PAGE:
Refinance appraisal vs. purchase appraisal: What’s the difference?
Home appraisals are common steps in both the home buying and home refinancing processes. Surprised? Yes, even current homeowners are expected to endure the appraisal process.
Since refinancing requires a financial institution to underwrite a brand-new loan, existing homeowners looking to take advantage of current record-low interest rates will need an appraisal to assess their home’s current value.
Refinance appraisal vs. purchase appraisal
If you’re ready to start the mortgage refinance process, the first step is to shop interest rates and it’s best to check with multiple lenders to see who is offering the most competitive rates and terms
What is a purchase appraisal?
A home appraisal is a process by which a lender determines the fair market value of a home. Appraisals are a lender-required process as the bank doesn’t want to loan more money for a home than it is worth. Yes, you’ll need a new appraisal even if you currently own the home and purchased it as recently as 2019.
An appraisal is typically ordered anytime a buyer is using a mortgage to purchase the home. If you are buying a home in cash, you don’t need one.
A low appraisal can be a headache for both the buyer and the seller, particularly in a home refinance situation.
What is a refinance appraisal?
Because a refinance mortgage is a new loan, the appraisal process is almost exactly the same as when you purchased the property. There’s less at stake during a refinance appraisal, since three parties (buyer, seller, and lender) aren’t anxiously awaiting the appraisal to reflect the sales price, but even during a refinance you still want the appraisal to accurately represent your home’s value.
An appraisal validates the amount of equity a homeowner has in the home, which impacts a cash-out refinance. Substantial equity can also snag a homeowner a better interest rate if the loan-to-value ratio (amount of loan vs. the current value of the home) is low.
With Credible, you can be confident you’ll find a rate that fits you best. Credible can show you daily mortgage and refinance rates for both 30-year fixed-term loans and 15-year fixed-term loans.
What’s the difference?
The only difference between a refinance and purchase appraisal is that as a homeowner you are able to attend the appraisal, and you can guide the appraiser to any upgrades you’d like to point out.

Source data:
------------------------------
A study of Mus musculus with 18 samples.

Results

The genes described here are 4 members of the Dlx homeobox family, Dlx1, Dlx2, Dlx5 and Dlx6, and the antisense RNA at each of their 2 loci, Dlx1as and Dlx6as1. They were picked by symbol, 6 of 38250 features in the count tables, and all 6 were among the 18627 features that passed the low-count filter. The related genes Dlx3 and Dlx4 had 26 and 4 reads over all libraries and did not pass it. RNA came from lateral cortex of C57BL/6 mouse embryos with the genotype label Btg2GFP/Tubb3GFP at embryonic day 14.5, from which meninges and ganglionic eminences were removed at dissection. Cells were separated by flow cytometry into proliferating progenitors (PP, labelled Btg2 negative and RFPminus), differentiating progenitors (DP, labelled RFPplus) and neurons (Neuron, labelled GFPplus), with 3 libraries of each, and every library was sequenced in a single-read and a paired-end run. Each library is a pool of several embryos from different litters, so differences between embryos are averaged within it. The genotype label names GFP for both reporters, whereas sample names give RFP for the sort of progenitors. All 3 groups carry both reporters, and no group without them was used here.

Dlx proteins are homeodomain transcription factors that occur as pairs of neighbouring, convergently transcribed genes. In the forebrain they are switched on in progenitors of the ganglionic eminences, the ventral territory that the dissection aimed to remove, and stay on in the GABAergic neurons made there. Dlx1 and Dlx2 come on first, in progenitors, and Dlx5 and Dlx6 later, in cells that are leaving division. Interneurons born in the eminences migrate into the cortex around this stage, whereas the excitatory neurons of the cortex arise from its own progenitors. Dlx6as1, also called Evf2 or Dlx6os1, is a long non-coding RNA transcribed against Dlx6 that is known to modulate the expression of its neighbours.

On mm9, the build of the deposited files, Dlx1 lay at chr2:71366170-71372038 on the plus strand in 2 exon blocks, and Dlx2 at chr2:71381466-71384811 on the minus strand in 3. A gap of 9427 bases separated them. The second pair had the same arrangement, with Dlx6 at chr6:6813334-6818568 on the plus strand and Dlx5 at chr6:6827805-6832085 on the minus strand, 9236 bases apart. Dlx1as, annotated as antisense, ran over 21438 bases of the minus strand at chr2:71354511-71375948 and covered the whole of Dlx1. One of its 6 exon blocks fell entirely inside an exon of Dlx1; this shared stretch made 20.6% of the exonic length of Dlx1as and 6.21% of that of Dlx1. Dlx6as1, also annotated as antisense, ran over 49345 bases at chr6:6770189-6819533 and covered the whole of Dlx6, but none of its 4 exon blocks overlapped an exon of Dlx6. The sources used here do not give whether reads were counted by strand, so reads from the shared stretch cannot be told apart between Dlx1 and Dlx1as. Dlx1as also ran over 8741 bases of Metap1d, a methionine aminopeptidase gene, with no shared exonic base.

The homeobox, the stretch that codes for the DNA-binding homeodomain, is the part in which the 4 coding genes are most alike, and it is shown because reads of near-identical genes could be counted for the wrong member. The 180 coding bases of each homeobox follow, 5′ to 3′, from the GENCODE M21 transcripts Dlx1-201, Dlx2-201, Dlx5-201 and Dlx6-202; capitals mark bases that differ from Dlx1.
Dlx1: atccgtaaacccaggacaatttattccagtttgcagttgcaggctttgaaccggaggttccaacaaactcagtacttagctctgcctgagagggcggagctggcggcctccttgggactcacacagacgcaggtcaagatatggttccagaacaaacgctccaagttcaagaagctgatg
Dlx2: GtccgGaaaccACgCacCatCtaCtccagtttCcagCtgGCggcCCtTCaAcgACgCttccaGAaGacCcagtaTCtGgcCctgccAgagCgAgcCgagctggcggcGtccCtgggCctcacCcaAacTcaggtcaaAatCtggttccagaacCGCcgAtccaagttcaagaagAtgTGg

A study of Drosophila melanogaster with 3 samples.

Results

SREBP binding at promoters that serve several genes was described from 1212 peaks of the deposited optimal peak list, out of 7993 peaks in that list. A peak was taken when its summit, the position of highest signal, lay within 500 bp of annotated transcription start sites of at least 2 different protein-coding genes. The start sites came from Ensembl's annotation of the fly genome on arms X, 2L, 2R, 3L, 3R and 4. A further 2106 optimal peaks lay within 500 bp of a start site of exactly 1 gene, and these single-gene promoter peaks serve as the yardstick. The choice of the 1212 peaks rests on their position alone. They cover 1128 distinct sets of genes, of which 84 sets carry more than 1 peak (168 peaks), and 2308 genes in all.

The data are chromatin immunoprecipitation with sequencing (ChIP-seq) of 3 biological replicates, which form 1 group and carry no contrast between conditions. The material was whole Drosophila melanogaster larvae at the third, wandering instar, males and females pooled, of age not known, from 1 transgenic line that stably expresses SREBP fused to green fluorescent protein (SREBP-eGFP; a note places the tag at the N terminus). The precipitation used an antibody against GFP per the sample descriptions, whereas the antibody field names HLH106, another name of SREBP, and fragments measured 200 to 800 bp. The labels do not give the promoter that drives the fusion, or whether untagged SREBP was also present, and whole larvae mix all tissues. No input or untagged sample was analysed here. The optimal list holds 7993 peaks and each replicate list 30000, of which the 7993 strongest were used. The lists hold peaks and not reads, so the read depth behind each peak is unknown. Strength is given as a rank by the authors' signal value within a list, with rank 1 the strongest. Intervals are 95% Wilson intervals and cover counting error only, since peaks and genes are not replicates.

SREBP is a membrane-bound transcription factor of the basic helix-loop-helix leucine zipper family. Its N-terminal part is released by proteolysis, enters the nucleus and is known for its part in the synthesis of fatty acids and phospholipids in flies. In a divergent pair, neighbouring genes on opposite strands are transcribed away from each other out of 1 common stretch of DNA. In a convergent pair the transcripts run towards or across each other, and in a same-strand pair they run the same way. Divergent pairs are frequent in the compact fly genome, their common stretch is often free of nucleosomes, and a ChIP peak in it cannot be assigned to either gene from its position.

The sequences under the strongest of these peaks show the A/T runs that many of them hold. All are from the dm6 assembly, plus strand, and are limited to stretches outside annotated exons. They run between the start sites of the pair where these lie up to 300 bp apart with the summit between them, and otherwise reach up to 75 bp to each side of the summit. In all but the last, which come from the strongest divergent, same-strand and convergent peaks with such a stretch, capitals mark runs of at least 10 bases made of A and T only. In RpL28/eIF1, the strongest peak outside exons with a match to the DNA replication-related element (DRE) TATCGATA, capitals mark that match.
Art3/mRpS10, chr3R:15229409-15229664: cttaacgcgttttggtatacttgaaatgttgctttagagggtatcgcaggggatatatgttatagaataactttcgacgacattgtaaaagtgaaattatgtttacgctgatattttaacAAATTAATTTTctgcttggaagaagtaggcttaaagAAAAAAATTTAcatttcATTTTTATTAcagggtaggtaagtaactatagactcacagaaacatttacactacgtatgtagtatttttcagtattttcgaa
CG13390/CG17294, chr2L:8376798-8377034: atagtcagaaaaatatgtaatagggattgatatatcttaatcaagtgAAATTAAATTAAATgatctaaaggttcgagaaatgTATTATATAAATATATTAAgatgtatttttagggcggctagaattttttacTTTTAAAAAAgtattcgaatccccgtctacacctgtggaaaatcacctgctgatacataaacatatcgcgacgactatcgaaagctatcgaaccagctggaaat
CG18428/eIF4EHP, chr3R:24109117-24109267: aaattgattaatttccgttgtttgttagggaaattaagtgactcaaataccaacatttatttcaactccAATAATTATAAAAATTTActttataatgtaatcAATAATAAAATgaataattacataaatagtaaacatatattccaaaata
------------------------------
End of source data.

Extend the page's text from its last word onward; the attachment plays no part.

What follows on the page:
If you’re ready to investigate mortgage refinance options, be sure to shop with multiple lenders.
Can I get by without an appraisal on a refinance?
It is worth noting that there is a handful of refinance programs that don’t require an appraisal on a mortgage refinance.
- The FHA Streamline: A refinance program for those with FHA loans. The “streamline” product name indicates fewer steps in the refinance process.
- The USDA Streamline: A refinance program for those with existing USDA loans.
- The Veterans Association Interest Rate Reduction Refinance Loan (VA IRRRL): A refinance product for those with VA loans.
In light of the COVID-19 pandemic, when every industry is working to reduce person-to-person contact, certain home and mortgage loans may qualify for an appraisal waiver. Again, not every home qualifies, but it is worth checking in with your lender to assess eligibility.
- Sellers can contest low appraisals by either paying for a second appraisal or asking lenders to do a “reconsideration of value.”
- If an appraisal is deemed to be accurate, a seller can either lower the purchase price for the buyer or ask the buyer to make up the difference between the appraised value and purchase price in cash. In competitive markets, some potential buyers may do this if they have the cash on hand. In markets where finding a buyer is more difficult, a seller may be forced to lower the price.
For mortgage refinance loans
- Homeowners with lower-than-expected appraisals can do their own leg work to determine if the appraisal was fair. Homeowners should start by studying the appraisal report and gathering supporting documentation for what they believe is missing or inaccurate and then contact their lender.
- If the appraisal is determined to be fair, homeowners can either wait until they’ve built up more equity in the home (usually 20% is required) or do what’s known as a “cash in” refinance. “Cash in” means a borrower puts in a lump sum toward their mortgage at closing in order to get to the 20% equity mark. A homeowner may do this if the savings from the lower interest rate offset the cost of parting with cash upfront.
How do I prepare for a home appraisal?
Don’t sweat the appraisal. Instead, work to put your best foot forward and tackle the following best practices.
- Thoroughly clean your home and yard. First impressions really are important, even to an appraiser.
- Complete any minor repairs that can impact the value. Homes need constant care, and appraisers are there to assess the condition as it relates to the value of the home. Faucet leaks, non-working electrical (light switches or appliances), and loose or broken door handles can indicate age or wear and tear on a home, which could in turn lower the appraised value.
- Make the appraiser’s job as easy as possible. As a homeowner, you are allowed to prepare a list of any improvements done to the home in advance. Be thorough and let the appraiser know of any and all cosmetic improvements, upgrades, and costly maintenance. You can also let the appraiser know about any comparable home sales in the area that justify (what you believe to be) your home’s value.